Captain William Renwick Smedberg was in command of Company F, First Battalion, 14th United States Infantry in combat at Antietam on 17 September 1862. He was seriously wounded in the Wilderness in 1864 and lost his right foot to amputation, but survived the war and served another 5 years in the US Army afterward.

Here are William (standing) and his younger brother Charles Gustavus Smedberg, Jr. (1841-1863), probably photographed in 1861. Charles in the uniform of the 7th New York State Militia, William as a Private in the National Rifles of Washington, DC, before either was commissioned in the Regular Army.

William Renwick and Charles Gustavus Smedberg were the youngest of the 11 children of wealthy New York import-export merchant Charles Gustavus Smedberg (Sweden 1781-1845) and his wife Isabella Renwick (1797-1867). Charles and Isabella are seen here in a pair of 1815 miniature watercolors, probably commissioned on the occasion of their wedding, now at the National Portrait Gallery in Washington.

Below are brothers “Renwick” and “Charlie” again, this time as small boys with their widowed mother Isabella in about 1847. A financial calamity and Charles Sr’s death in 1845 left Isabella and her children in reduced circumstances, but still well within the upper strata of New York society.

There are a couple of more faces in William’s past I can share:

His grandmother Jane Jeffrey (Scotland 1774-1850), his mother’s mother, married William Renwick (England 1769-1808), another successful merchant, in New York in 1792 and they had 9 children.

Another of those 9 Renwicks, Isabella’s sister Jane Jeffrey Renwick (1801-1848) married US Naval officer Charles Wilkes (1798-1877) in 1826. You’ll recognize his name from his Antarctic exploration (1840) and his role in the Trent Affair (1861). So Charles Wilkes was William’s uncle by marriage.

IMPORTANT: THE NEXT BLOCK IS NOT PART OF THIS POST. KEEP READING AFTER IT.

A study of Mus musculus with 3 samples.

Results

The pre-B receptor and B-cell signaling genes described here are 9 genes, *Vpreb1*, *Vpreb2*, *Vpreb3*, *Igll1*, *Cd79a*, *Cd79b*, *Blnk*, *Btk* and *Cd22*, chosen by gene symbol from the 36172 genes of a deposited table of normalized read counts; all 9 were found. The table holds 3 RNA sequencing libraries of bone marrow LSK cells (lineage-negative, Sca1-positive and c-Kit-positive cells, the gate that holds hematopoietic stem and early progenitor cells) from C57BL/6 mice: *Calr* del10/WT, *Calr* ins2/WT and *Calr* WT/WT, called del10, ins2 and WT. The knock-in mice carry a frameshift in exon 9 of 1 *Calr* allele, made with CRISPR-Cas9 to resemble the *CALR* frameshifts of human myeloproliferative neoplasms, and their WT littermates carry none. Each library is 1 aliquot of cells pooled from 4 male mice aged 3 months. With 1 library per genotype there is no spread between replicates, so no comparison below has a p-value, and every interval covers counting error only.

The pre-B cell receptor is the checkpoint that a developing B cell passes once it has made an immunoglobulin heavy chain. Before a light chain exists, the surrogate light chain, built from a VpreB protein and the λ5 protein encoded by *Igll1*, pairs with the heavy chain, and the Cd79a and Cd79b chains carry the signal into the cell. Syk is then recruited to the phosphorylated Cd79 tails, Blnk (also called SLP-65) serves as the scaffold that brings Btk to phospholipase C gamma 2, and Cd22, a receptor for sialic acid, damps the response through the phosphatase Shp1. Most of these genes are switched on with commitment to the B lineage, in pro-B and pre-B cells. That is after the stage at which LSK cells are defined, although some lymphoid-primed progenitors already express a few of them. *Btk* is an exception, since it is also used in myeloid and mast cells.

Keeping it in the family, Jane and Charles Wilkes’ son Jack married William Smedberg’s sister Jeanie; they were first cousins.

To get back to Captain William Smedberg, here he is post-war, toward the end of his US Army career in 1870.

He then went to San Francisco, where he spent the rest of his life. By 1885 he was Colonel of an Artillery unit in the California National Guard (NG), which fact is an excuse to show you his fabulous and intricate monogram (WRS) on a presentation watch his command gave him in 1885.

… and here he is in about that same year, possibly in his NG uniform.

But wait, there’s more.

William Renwick Smedberg was only the first of his name. There have now been at least five in sequence. I can’t tell you anything about William Renwick Smedberg V, who is probably living, and if there’s a VI or not, but here are the others.

His son W.R. Smedberg, Jr. (1871-1942), Brigadier General, USA

Grandson W.R. Smedberg III. (1902-1994), Vice Admiral, USN

Great-grandson W.R. Smedberg IV. (1929-2008), Rear Admiral, USN


The photograph of William and Charles in 1861 is from a CDV contributed to Charles’ memorial by Rick Calvert.

The miniatures of Charles, Sr and Isabella are probably both at the National Portrait Gallery; Charles’ listed here.

Grandmother Jane Jeffrey’s portrait is of unknown provenance, posted by the Charlotte-Mecklenburg Library as part of a lovely online exhibit about the Renwick-Smedbergs centered on William’s sister Jeanie.

That exhibit is also the source of the picture of Isabella and her two youngest boys in about 1847.

Charles Wilkes portrait was painted by Thomas Sully in 1843 and is also in the National Portrait Gallery.

Capt. W.R. Smedberg in 1870 is from Michael J. McAfee, Curator of History, West Point Museum, and was shared online by Kirk Ramsey.

His watch was sold at auction by Cowan’s in 2018.

His c. 1885 portrait photograph is from Lewis Randolph Hammersly’s Biographical Sketches of Distinguished Officers of the Army and Navy (1905). A contemporary shot of him, but in civilian clothes, is at the Library of Congress.

BGen W R Smedberg, Jr (1919) is from a photograph at the National Archives. From the title, he commanded the 63rd Infantry Brigade; March to the Rhine; Army of Occupation [WWI].

VAdm W R Smedberg III (1959) is from his bio sketch from US Naval Institute. Superintendent at the US Naval Academy (1956-58), among other posts.

RAdm W R Smedberg IV (c. 1980) is from a photograph accompanying his obituary on the Arlington Cemetery site.